Compassionate Massage for Bosnian Refugees

Growing up in Baltimore after World War II, Michele Herling was encouraged by her family and Hebrew school teachers to make the world more just. Years later, when Herling heard news reports about Bosnians losing their villages and being tortured and killed, the massage therapist felt “an intense pull to do something. I couldn’t stand around.”

In early 1995, Herling traveled to Hungary to offer “bodywork” to refugees. The Nagyatad Refugee Camp, in Hungary near the Croatian border, housed 1,200 primarily Muslim Bosnians in old army barracks on two acres. Many had endured forced labor, starvation and torture. They had lost relatives—in some cases their entire families.

“When I arrived, a nurse and a doctor asked me, ‘What can you do for us?’ I knew their need was incredible. I said, ‘I do different types of bodywork.’ It seemed like such a tiny thing to offer.” Herling began to describe her techniques. “But my translator couldn’t follow,” she recalls. “He’d learned English from rock songs and television. So I just said, ‘I want to give massage. To help people relax.'”

That evening, nurses brought a woman with intense leg pain to the massage therapist. “I worked on her, and the next day her husband hugged me and enthusiastically communicated through sign language that his wife felt almost no pain.”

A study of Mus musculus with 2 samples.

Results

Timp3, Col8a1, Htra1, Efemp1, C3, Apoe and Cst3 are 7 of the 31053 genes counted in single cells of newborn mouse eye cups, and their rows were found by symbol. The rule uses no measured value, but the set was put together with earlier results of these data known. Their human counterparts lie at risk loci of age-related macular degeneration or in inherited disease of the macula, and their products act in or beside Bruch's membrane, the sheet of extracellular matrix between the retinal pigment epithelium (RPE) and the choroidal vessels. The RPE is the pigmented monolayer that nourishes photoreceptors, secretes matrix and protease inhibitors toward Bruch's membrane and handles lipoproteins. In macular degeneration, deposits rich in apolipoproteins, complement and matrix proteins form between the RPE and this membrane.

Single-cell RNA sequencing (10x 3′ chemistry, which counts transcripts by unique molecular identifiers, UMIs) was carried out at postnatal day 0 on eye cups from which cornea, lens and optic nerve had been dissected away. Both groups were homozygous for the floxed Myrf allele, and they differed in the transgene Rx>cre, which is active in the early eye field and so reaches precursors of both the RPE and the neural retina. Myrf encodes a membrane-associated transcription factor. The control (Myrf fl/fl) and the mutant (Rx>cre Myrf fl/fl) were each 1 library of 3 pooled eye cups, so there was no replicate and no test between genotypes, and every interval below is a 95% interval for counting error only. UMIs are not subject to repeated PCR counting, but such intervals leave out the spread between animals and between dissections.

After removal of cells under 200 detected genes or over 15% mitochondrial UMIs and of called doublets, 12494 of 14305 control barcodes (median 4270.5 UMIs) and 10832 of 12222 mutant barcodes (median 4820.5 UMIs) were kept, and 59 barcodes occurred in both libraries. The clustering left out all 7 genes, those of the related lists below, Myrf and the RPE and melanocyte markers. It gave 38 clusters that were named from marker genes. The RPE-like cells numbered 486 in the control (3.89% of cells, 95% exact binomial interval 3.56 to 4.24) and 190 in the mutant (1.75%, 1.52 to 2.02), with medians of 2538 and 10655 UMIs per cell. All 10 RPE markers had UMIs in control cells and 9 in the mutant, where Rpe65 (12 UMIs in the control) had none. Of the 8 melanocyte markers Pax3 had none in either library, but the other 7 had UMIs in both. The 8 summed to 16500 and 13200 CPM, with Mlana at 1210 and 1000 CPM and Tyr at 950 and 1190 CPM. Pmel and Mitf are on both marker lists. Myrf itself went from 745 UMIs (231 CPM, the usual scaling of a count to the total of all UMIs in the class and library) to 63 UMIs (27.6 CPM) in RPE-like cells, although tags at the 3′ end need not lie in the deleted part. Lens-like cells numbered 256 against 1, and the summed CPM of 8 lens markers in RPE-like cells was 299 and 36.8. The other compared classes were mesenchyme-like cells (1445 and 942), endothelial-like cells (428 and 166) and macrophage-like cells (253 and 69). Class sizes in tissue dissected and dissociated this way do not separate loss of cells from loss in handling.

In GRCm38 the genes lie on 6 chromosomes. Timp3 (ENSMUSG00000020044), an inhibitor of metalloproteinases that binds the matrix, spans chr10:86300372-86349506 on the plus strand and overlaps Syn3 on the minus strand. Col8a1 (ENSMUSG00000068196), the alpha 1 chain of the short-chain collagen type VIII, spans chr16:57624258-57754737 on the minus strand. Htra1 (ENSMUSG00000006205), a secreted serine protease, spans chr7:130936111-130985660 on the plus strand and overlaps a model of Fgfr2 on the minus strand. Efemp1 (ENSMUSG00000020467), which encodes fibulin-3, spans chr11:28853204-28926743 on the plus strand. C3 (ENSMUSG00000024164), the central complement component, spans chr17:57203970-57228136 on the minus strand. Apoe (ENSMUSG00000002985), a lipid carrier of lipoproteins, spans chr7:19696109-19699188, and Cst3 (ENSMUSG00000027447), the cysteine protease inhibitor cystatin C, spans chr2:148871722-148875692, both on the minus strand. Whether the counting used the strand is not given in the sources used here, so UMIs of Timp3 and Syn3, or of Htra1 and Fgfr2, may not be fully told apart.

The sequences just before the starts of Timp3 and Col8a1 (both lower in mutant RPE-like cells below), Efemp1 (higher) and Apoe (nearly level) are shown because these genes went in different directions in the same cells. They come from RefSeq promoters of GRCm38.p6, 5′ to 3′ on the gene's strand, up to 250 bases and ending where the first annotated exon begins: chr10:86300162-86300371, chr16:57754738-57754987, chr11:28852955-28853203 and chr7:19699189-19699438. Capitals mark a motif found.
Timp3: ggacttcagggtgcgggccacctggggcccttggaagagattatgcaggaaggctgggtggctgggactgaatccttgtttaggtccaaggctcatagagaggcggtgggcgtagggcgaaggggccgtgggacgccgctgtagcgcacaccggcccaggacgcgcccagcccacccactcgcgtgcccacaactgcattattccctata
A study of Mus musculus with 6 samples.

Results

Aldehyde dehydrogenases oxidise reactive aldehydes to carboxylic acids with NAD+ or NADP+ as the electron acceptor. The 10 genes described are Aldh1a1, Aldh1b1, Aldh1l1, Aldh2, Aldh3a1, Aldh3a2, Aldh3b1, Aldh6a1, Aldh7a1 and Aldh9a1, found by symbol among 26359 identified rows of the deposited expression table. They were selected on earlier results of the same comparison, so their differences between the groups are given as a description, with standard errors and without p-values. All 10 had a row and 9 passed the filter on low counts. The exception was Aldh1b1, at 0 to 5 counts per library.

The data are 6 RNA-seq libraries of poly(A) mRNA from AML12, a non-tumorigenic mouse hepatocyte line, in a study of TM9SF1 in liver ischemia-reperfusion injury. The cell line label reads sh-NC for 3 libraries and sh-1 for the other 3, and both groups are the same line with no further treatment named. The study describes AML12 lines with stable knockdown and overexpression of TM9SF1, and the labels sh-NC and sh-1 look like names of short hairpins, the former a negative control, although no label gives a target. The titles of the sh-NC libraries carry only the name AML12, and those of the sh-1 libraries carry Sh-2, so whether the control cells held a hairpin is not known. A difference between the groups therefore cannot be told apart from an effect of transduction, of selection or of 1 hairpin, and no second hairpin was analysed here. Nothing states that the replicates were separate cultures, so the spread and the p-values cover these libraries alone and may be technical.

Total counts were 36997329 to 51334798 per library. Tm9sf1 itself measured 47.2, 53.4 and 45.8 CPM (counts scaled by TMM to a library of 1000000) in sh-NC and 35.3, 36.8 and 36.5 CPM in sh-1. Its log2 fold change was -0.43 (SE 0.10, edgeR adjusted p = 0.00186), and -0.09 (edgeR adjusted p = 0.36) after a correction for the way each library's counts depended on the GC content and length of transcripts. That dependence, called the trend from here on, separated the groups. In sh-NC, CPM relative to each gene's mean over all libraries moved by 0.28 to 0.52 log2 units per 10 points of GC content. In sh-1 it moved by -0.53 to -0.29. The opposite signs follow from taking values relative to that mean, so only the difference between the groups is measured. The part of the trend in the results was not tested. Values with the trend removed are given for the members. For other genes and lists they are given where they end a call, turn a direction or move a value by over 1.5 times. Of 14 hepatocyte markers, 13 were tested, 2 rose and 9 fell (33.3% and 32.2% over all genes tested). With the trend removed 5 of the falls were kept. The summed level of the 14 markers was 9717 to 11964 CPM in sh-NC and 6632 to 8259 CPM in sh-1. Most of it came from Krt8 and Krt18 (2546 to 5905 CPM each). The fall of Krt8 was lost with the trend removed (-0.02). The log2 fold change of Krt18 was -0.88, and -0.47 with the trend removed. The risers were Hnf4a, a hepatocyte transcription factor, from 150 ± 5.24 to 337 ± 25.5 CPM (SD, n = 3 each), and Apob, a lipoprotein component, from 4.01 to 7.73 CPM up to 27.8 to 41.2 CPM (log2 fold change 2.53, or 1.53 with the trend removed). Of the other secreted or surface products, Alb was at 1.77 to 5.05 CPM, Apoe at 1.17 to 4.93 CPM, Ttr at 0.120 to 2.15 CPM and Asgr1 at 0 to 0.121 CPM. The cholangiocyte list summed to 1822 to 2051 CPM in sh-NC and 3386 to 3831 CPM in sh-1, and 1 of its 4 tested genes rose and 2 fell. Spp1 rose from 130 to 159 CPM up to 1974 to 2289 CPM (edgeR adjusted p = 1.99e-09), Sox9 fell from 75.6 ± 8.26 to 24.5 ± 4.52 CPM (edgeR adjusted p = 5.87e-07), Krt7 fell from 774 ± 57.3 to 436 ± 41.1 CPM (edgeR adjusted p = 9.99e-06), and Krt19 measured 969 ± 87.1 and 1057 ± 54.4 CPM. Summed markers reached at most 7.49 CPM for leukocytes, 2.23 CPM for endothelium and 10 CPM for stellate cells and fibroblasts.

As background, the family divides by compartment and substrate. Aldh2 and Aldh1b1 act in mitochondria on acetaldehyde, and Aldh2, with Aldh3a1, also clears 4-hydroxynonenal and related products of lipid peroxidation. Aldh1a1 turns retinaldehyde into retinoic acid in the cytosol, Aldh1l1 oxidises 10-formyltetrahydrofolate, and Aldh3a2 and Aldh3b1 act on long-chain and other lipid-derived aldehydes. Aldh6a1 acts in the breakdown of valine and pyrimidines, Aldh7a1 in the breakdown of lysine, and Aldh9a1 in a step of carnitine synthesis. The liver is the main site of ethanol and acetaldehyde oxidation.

Naming her project Compassionate Touch, Herling helped treat refugees’ chronic migraine headaches, panic attacks and insomnia. The traditional Muslim women were cautious at first, and let Herling work only from their knees down. But by the end of her stay, they asked her to touch their backs, too.

Herling has been invited back to the refugee camps several times. In 1996, she gave a workshop to a group of children. “Immediately, they began digging their fists into each other. I told them it wasn’t as extreme as shooting someone, but it was a beginning stage of violence.”

Setting some rules for respectful touch, Herling instructed the children in massage techniques she playfully called the “catwalk” and “kneading the bread.” She asked them what might happen if they did this three times a week with their families. “They answered the same way as children in New Mexico,” where Herling lives, “when I ask this question. They said, ‘People would be nicer to each other. We’d have peace.'”

Along with yearly trips to Bosnian refugee camps, Herling now offers programs to American school-age children geared toward enhancing trust, relaxation and nurturing. One child whose brother had been involved in a drive-by shooting “really felt soothed by the workshop,” his Santa Fe elementary school teacher remembers. “I saw he’d had an experience of being heard at a really basic level.”

“This work has reawakened my connection to Judaism,” Herling says. The lessons she learned in Hebrew school now have a personal meaning. “I’m finding my way of tikkun olam, and sharing in community my sense of a compassionate Jewish God.”

For more information, contact Michele Herling, 903 West Alameda, Suite 119, Santa Fe, NM 87501.